Gay Marrigaes Essay

Passage 1: “My parents were nonmaterialistic. They believed that money without knowledge was worthless, that education tempered with religion was the way to climb out of poverty in America, and over the years they were proven right. ” (29) Response: James’ mother was always consistent in saying that money means nothing. School and Church was all you really needed to succeed. His mother was deeply religious and her and her kids went to church every Wednesday and every Sunday. Her kids went until they were old enough to decide for themselves that they didn’t want to go.

But over the years, they all turned to God and turned to school and they all became doctors, teachers, and psychologists. Being passionate about God and Education is what got them where they are today. Passage 2: “We were all clearly black, of various shades of brown, some light brown, some medium brown, some very light-skinned, and all of us had curly hair. Mommy was, by her own definition, “light-skinned” a statement which I had initially accepted as fact but at some point later decided was not true.


The way the black man acted was far different, more loving than the white man. Blacks didn’t care if you were black or white. They accepted everyone. Ruth’s family considered her dead to them because she married a black man. Dennis’ family, a black family, accepted her, unlike Ruth’s family. Passage 3: “The biggest event Suffolk had seen in years was a traveling sideshow that came through town on the railroad tracks, with stuffed whale in a boxcar. The folks loved that. They loved anything different, or new, or from out of town, except for Jews.

In school the kids called me “Christ killer” and “Jew baby. ” That name stuck with me for a long time. You know it’s so easy to hurt a child” (40) Response: Ruth lived a very hard life; not only with her family, but with people she was neighbors with and went to school with. She was easily hurt and wanted to be accepted by everyone. She’d only be fully accepted if she were Christian. I think you could say that she had it almost as bad as the blacks did. Passage 4: “I turned away, but not before Frances saw my tears. She got out of line herself but I waved her away. “Frances, you go on in,” I said. Don’t miss the ceremony because of me. ” She went in. She has to wipe the tears from her own face, but she got back in line and marched through the ceremony alone. She sat through the graduation ceremony next to my empty seat. ” (158) Response: Ruth felt like she couldn’t go into the church for her graduation ceremony because she was Jewish. Anything that was considered “gentile” they were not allowed to do. Ruth felt that she was letting her mother down if she went into that church. She didn’t want her father to get mad at her and she didn’t want to be dead to her family.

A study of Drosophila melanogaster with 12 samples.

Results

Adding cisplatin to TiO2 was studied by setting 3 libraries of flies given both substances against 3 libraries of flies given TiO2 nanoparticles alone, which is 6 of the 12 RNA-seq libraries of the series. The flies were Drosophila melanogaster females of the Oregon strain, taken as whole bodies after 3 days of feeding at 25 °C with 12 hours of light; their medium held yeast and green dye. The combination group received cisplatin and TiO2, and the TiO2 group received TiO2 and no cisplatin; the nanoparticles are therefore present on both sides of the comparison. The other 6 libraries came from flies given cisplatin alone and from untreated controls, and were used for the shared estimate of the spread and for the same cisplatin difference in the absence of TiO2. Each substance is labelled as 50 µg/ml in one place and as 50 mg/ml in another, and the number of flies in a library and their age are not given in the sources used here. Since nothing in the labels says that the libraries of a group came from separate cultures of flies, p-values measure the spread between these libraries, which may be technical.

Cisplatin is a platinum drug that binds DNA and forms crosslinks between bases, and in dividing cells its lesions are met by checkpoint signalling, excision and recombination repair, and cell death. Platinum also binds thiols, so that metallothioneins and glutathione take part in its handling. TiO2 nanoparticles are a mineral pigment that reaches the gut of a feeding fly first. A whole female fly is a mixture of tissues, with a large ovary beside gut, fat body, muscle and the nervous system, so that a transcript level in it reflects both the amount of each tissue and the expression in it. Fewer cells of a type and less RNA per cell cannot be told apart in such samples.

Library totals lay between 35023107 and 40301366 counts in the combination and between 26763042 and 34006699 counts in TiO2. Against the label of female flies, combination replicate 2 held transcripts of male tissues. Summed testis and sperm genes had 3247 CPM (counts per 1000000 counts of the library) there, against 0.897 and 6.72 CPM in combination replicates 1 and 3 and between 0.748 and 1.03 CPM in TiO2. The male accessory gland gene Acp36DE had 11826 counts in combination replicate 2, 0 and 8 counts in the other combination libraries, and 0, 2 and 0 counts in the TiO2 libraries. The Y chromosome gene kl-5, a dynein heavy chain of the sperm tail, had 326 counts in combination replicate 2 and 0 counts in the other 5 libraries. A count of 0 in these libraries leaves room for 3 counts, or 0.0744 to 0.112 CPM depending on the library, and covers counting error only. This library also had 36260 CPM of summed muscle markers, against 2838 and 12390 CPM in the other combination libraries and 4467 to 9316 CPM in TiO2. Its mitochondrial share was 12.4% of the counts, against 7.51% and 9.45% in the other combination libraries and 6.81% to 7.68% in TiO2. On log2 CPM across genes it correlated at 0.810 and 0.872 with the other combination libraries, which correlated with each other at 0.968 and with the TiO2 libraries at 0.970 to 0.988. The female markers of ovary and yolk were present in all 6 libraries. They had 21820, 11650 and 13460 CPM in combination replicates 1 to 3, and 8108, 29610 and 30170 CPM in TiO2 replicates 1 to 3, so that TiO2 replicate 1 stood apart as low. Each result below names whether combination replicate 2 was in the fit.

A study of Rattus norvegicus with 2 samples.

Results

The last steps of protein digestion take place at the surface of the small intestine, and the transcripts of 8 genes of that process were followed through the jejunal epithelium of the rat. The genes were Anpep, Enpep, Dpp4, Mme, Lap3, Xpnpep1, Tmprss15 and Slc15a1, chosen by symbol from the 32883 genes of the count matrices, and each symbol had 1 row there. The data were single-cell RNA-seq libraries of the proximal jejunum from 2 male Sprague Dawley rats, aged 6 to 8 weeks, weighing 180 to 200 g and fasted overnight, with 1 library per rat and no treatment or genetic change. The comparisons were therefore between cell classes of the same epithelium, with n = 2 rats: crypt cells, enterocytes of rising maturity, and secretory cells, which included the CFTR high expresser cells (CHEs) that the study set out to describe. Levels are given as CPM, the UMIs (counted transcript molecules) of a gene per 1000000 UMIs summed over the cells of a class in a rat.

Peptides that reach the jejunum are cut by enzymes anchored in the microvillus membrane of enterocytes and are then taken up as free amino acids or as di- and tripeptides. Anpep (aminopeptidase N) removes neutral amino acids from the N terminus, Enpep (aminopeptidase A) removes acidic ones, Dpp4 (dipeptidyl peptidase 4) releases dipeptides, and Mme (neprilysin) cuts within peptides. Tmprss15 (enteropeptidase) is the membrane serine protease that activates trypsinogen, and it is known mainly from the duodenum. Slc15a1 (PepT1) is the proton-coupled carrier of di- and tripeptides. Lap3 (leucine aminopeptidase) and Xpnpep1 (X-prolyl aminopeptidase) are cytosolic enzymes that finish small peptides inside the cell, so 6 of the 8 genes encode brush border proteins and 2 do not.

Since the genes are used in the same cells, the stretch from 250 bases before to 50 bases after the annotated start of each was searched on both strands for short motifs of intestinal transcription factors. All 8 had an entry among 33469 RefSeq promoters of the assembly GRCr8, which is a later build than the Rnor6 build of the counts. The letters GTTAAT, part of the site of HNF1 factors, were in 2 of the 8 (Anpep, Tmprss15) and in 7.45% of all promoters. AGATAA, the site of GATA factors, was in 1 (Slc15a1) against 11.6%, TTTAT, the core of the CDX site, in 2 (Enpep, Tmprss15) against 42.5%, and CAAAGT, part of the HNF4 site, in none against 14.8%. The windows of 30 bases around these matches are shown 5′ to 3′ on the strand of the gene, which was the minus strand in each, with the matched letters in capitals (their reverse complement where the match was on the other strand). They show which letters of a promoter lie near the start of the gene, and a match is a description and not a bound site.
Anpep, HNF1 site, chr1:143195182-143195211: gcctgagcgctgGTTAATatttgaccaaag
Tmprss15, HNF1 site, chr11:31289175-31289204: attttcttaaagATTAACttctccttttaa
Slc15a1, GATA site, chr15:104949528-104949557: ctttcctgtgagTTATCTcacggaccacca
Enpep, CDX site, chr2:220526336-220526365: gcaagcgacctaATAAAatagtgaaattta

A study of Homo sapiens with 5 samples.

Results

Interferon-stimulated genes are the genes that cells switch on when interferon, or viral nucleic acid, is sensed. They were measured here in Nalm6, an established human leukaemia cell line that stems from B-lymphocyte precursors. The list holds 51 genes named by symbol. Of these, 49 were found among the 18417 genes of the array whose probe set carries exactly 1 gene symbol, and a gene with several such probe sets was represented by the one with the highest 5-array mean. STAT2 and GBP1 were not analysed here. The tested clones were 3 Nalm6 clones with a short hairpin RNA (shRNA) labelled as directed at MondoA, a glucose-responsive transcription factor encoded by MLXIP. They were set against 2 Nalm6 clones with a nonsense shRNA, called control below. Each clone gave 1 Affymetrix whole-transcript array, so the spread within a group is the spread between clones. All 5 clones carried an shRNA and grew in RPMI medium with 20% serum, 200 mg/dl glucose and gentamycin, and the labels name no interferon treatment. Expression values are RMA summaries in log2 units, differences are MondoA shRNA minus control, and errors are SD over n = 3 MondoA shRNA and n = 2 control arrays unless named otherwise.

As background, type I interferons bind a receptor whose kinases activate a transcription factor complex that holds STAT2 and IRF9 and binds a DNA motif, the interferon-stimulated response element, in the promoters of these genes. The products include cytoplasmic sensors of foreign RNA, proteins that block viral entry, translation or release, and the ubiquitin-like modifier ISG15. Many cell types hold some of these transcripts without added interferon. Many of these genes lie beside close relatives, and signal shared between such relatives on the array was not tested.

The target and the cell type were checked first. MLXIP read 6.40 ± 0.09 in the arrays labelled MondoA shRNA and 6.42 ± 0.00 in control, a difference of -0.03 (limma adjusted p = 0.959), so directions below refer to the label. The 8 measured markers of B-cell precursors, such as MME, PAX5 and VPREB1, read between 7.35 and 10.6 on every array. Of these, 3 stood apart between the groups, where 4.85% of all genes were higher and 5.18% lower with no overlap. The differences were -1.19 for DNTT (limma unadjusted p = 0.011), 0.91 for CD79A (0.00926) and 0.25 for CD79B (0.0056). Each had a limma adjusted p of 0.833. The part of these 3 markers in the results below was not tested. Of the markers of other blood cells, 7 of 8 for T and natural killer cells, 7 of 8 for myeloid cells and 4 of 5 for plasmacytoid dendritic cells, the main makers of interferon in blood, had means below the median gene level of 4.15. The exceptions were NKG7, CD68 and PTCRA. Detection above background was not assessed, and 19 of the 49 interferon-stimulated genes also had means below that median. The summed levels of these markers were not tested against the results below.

Passage 5: “One Saturday morning in 1973, a few weeks after I got back from Louisville, and just a few months after my stepfather passed away, Mommy woke me up and said, “We’re going driving. ” She thrust my two-year-old niece Z—that was her name, just place Z—into my arms and we headed out to Daddy’s car. ” Response: Ruth was going to drive the car because they needed to use a car to get around, and it was also an attempt to get over the death of her husband. She used to know how to drive, but she left that part of her life behind her. She closed that door and she was opening a new one, trying to drive her husband’s car.